One of the most interesting concepts in the design lexicon has got to be ‘user experience’ (UX). Here we deal with the ‘invisible’ aspects of design. How the user feels as they experience your build.
User experience is a relatively young discipline, so lots of the rules and conventions are still open to interpretation. The industry is still figuring out what works and what doesn’t – and that’s where design thinking comes in really handy.
Brand purpose for dinner, design for dessert.
There’s more to great UX than just simplifying the elements of your website or app. It starts with understanding the purpose and ethos of the company and its brand. Who are they, and what do they stand for?
Ask your clients about their core values and mission, where they see themselves in the market, and where they want to be. Step into a consultant role, brainstorming ways to help the client streamline their vision and take ambitious yet realistic steps toward it. These are things a good designer should get into the habit of doing, before even thinking about UX.
Treat the user like a friend.
A good user experience is the bridge between product and audience. So build one that draws the user in, and then leads them out, in a natural way. You wouldn’t drop a friend into an unexpected situation, or kick them out before they’re ready to leave, would you? Present each step of the journey in a measured, rewarding, and incremental way. Engage the user in an experience that feels effortless, and watch the magic happen.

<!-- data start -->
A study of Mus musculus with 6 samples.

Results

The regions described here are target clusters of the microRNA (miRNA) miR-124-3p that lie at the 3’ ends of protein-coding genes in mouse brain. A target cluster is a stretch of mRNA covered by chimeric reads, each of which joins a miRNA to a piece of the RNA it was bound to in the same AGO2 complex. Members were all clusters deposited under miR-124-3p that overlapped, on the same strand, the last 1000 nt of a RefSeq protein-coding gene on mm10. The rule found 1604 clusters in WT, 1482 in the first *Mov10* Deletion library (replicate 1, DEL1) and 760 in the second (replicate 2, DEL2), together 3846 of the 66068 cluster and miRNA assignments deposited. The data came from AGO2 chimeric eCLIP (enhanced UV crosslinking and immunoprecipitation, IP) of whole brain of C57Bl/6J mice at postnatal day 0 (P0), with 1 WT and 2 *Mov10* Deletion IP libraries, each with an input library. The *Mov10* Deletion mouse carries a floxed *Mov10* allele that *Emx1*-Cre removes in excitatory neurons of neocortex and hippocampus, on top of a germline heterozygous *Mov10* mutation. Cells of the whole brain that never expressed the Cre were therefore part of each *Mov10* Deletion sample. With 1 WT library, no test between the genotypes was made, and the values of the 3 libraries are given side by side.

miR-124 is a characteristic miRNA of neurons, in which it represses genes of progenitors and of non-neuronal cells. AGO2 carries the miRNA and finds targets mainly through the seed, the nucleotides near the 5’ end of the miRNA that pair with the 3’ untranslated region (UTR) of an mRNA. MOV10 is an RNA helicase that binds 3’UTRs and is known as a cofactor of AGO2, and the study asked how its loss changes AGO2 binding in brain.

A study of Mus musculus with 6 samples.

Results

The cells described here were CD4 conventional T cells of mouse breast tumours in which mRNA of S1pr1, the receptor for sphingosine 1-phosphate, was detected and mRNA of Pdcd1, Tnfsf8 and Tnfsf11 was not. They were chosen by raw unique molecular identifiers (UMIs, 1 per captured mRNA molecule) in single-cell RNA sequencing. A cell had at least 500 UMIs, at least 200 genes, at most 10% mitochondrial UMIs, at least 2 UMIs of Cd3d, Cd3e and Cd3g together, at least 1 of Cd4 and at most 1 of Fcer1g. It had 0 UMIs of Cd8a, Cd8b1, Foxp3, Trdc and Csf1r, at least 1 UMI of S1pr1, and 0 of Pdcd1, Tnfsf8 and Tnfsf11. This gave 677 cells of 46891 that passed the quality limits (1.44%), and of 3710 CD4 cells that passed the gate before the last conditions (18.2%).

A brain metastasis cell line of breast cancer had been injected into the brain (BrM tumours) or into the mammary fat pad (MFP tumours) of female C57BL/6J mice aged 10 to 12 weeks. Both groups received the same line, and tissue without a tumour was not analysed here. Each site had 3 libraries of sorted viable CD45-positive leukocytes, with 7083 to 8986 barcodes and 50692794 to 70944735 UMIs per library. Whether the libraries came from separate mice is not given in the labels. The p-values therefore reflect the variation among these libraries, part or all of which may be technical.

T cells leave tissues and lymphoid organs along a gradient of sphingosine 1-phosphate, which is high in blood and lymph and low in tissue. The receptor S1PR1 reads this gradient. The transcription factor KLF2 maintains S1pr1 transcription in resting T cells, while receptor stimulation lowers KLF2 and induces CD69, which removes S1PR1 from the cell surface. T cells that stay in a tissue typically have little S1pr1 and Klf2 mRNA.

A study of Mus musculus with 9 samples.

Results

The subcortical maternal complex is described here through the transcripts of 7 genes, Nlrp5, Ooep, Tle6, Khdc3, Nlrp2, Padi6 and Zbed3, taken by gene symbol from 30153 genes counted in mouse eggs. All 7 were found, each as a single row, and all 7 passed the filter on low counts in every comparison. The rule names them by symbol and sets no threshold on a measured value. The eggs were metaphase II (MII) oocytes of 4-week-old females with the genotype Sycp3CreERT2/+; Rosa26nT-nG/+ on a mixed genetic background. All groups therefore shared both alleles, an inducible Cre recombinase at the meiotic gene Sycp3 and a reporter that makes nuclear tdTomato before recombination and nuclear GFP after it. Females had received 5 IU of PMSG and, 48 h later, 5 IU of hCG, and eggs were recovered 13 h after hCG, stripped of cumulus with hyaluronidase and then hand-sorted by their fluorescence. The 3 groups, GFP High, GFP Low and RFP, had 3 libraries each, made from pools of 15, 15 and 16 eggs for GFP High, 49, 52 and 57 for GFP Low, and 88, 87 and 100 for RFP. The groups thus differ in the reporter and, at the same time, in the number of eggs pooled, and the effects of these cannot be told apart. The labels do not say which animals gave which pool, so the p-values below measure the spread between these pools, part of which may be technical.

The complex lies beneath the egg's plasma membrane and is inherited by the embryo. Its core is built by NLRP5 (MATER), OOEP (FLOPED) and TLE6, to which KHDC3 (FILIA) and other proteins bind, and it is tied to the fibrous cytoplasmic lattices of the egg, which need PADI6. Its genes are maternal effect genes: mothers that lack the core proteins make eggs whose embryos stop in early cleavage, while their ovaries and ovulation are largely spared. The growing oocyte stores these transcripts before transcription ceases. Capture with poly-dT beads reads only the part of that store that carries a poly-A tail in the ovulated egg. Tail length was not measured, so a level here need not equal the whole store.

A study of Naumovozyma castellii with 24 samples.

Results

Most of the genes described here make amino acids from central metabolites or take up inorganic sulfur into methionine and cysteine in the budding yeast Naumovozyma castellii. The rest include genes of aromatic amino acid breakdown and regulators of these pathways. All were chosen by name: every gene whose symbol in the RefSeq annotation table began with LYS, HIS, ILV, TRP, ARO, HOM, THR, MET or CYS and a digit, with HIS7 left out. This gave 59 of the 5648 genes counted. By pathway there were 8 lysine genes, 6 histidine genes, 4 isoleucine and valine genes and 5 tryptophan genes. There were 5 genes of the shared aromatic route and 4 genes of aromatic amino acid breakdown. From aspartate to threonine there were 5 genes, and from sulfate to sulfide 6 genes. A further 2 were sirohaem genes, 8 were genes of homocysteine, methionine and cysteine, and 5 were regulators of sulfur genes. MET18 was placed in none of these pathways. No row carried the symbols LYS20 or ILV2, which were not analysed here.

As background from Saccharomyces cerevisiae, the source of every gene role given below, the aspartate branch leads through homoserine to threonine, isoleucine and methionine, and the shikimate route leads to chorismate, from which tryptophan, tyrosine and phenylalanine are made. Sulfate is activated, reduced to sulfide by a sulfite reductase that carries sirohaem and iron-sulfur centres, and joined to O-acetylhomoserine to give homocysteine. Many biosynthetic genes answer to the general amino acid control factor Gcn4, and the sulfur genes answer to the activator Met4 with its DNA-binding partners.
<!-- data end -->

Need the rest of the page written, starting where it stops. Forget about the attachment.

Hello, is it me you’re looking for?
No surprises here – UX serves a purpose beyond looking amazing. It’s there to help people understand concepts, achieve a goal, and find whatever it is they’re looking for. So let’s start by asking who these people are, and how we can build an experience that they’ll instinctively know how to use.
Next, consider layout, and consider it carefully. People expect a button to work like this, a link to look like that, a page to scroll a certain way. While we always want to be pushing the boundaries of design, we don’t want frustrated users tearing their hair out.
The shortest journey from A to B.
Good UX design should be built on common sense.
That means recognising when an element is more distracting than helpful, and bidding it a fond farewell. It means finding the balance between building as few screens as possible, and keeping each one as clean as possible. Can you ask for a full name, birthdate, email, postal address, billing address and more in one screen? Could you be more generous and split them up? Or is there a smarter fix, like letting users simply snapshot their documents instead of typing a single word?
We all like adding a flourish to our work. But as good designers know, form should follow function. Hover effects, animations and page transitions can help create a smooth, modern experience – but they can also slow the whole thing down. And a website or app isn’t much use if it doesn’t load. Great UX is about finding the balance between creative design and build quality.